In a valley, just down a hill from the City of David and the Mount of Olives lies the village of Silwan. Or at least, most of it. For every four or five homes standing, lies a demolished lot overgrown with shrubbery, or simply piles of rubble.
Since Israel claimed East Jerusalem from Jordan in 1967, it has been steadily demolishing Palestinian homes in the name of “improving infrastructure” and “beautification.”
After kicking a ball about with a couple of camera-shy kids, a young man cheerfully greeted me with a “Welcome to Palestine.” It dawned on me then that I was in a different country, perhaps a late realisation after seeing the modern West Jerusalem and the ragtag East.
Smiling in the face of adversity
A well-dressed Palestinian man looked on as a friend of mine was stumbling past an old bed, disused electrical appliances and battered children’s toys up the remains of a family home.
He watched us for a minute or two, possibly deciding whether to speak with us – the Israeli police don’t take kindly to Palestinians speaking with foreigners. After we greeted him, he came over and started to tell us his tale, a story, any seem to share in this troubled region.
“My grandfather built this land 80 years ago and I built this house in 1962,” he said. “A few years after the Israeli’s took over in ’67, the Jerusalem government told me I didn’t have a permit. Why do I need a permit? This was our family home from before the occupation.”
Looking up to a settlement complete with an Israeli flag just up the hill, he told us that the pile of rubble we were standing by was his neighbour’s home until August,” the father of five said in excellent English.
Home Sweet Home
It takes the Israeli army about 20 minutes to do this to a home.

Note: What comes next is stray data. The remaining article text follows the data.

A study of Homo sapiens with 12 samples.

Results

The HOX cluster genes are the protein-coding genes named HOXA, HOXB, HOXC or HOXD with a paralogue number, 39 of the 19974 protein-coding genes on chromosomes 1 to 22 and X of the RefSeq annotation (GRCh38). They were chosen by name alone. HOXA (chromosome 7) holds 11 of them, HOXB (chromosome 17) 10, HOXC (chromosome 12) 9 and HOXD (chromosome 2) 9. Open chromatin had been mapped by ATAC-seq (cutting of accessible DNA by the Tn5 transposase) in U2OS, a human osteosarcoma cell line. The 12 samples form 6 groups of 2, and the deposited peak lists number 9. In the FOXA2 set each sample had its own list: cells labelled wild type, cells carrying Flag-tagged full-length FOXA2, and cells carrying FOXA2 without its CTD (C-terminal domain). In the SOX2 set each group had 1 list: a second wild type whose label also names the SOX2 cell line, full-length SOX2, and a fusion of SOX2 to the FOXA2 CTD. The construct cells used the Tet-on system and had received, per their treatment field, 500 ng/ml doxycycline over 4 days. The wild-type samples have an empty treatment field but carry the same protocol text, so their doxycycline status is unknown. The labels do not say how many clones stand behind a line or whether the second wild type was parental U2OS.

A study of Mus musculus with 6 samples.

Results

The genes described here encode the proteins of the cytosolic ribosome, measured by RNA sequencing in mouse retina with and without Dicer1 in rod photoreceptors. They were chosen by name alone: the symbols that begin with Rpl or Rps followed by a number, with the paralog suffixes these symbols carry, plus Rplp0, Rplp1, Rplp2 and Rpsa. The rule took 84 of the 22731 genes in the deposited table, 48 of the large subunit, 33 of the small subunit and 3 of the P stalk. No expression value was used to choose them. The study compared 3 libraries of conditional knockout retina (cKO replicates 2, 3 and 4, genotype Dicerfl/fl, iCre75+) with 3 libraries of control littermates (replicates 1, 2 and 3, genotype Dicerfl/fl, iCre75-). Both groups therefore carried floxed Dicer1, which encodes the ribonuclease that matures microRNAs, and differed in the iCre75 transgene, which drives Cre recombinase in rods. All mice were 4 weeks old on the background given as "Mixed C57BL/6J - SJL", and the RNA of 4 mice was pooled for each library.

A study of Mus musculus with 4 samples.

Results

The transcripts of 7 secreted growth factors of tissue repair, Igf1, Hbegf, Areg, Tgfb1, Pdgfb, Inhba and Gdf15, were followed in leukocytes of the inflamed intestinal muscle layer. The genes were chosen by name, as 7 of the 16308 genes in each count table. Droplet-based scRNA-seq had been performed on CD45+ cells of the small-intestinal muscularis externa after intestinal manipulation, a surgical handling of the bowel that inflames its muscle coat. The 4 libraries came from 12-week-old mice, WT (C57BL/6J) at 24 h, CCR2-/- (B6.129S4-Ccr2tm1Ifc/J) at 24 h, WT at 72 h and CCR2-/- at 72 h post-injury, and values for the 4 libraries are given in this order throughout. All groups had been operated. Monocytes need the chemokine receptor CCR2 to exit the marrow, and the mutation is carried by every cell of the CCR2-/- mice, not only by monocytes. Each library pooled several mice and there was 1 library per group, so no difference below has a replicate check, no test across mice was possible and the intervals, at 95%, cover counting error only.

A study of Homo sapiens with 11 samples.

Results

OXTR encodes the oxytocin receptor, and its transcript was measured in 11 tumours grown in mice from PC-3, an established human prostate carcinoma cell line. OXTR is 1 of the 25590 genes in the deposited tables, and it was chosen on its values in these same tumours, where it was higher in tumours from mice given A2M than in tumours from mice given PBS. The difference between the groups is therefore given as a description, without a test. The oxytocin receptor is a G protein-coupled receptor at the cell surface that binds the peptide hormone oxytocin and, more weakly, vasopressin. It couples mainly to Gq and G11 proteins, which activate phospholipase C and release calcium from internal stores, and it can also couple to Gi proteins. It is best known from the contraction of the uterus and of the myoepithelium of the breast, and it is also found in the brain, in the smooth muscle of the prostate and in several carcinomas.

“My children ask me why the authorities do this. They think that the police only arrest bad people, and ask why my neighbours’ homes are being demolished. There is no answer I can give,” the man said. “I don’t know when they will take my home. I feel I we have a dark future. If you ask for a lawyer when they come, they allow this. But when you go to call a lawyer, they start the demolition. There is nothing you can do.
The man went to talk about how he knows of many families who have been made homeless and forced to impose on friends every few weeks. He also offered a reason for the Palestinians’ intifada or “shaking off” of the Israelis.
“Why do you think people resort to violence? We are not violent people, but when people see their families and friends’ lives destroyed, they have to react. We are not extremists, but we have to do something.”
I didn’t catch the man’s name, nor did I take his photograph. The reason for this was because he always seemed to be on the verge of tears. He struck me to be decent man, educated, and almost middle class, doing his best to raise his family respectably.
I wonder how many share the same story. I’m reliably informed that many do.